Utilities would like consumers to believe that natural gas prices will remain lower than oil prices for at least the next few years, but one analyst pokes holes in that belief in a recent article posted on The Motley Fool website.

Arjun Sreekumar questions the assumptions behind a 2014 IHS report entitled Fueling the Future with Natural Gas: Bringing it Home that suggests natural gas will continue to hold a price advantage. The report “may seriously underestimate increasing demand for gas, while overestimating supply growth,” he writes.

Three factors are combining to increase demand for natural gas: utilities, liquefied natural gas (LNG) exports and energy-intensive manufacturing and petrochemical operations, the article states. A fourth sector, transportation, could also absorb a lot more natural gas supply, according to The Motley Fool.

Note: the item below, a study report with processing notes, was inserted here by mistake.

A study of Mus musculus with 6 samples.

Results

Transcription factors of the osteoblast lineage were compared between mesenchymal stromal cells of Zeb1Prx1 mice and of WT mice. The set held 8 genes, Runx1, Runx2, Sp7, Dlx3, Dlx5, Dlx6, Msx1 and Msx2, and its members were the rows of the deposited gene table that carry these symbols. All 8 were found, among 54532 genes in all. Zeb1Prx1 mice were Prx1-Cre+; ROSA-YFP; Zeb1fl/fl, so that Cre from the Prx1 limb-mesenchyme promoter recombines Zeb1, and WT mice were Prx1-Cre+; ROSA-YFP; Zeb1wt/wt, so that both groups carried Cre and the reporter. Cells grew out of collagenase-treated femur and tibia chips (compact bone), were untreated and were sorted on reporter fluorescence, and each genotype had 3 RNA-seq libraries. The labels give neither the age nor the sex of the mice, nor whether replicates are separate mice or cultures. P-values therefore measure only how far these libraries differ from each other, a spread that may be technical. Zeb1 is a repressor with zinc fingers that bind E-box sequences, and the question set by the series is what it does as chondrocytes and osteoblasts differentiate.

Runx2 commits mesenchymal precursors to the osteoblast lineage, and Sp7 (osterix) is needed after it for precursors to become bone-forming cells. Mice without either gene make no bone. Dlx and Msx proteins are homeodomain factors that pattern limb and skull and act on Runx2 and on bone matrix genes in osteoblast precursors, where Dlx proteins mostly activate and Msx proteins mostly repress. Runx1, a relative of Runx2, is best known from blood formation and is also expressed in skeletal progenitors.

At the same time, “there are concerns that production from shale gas wells will decline at a much faster rate than output from conventional gas wells,” the article continues. “According to estimates by Pete Stark, senior research director at IHS, the average flow from shale gas wells can plummet by as much as 75 percent in the first year of production. If shale wells’ decline rates turn out to be higher than the industry expects, it could significantly constrain production growth.”

“I still think there's a very strong possibility that natural gas demand from utilities, LNG exports, manufacturers, and perhaps even the transportation sector over the next five years could surprise to the upside, while supply growth could be weaker than expected,” Sreekumar writes. “As such, I find it difficult to envision a scenario in which gas prices remain below $5 per Mcf through the rest of this decade.”

To read the Motley Fool article article, click here.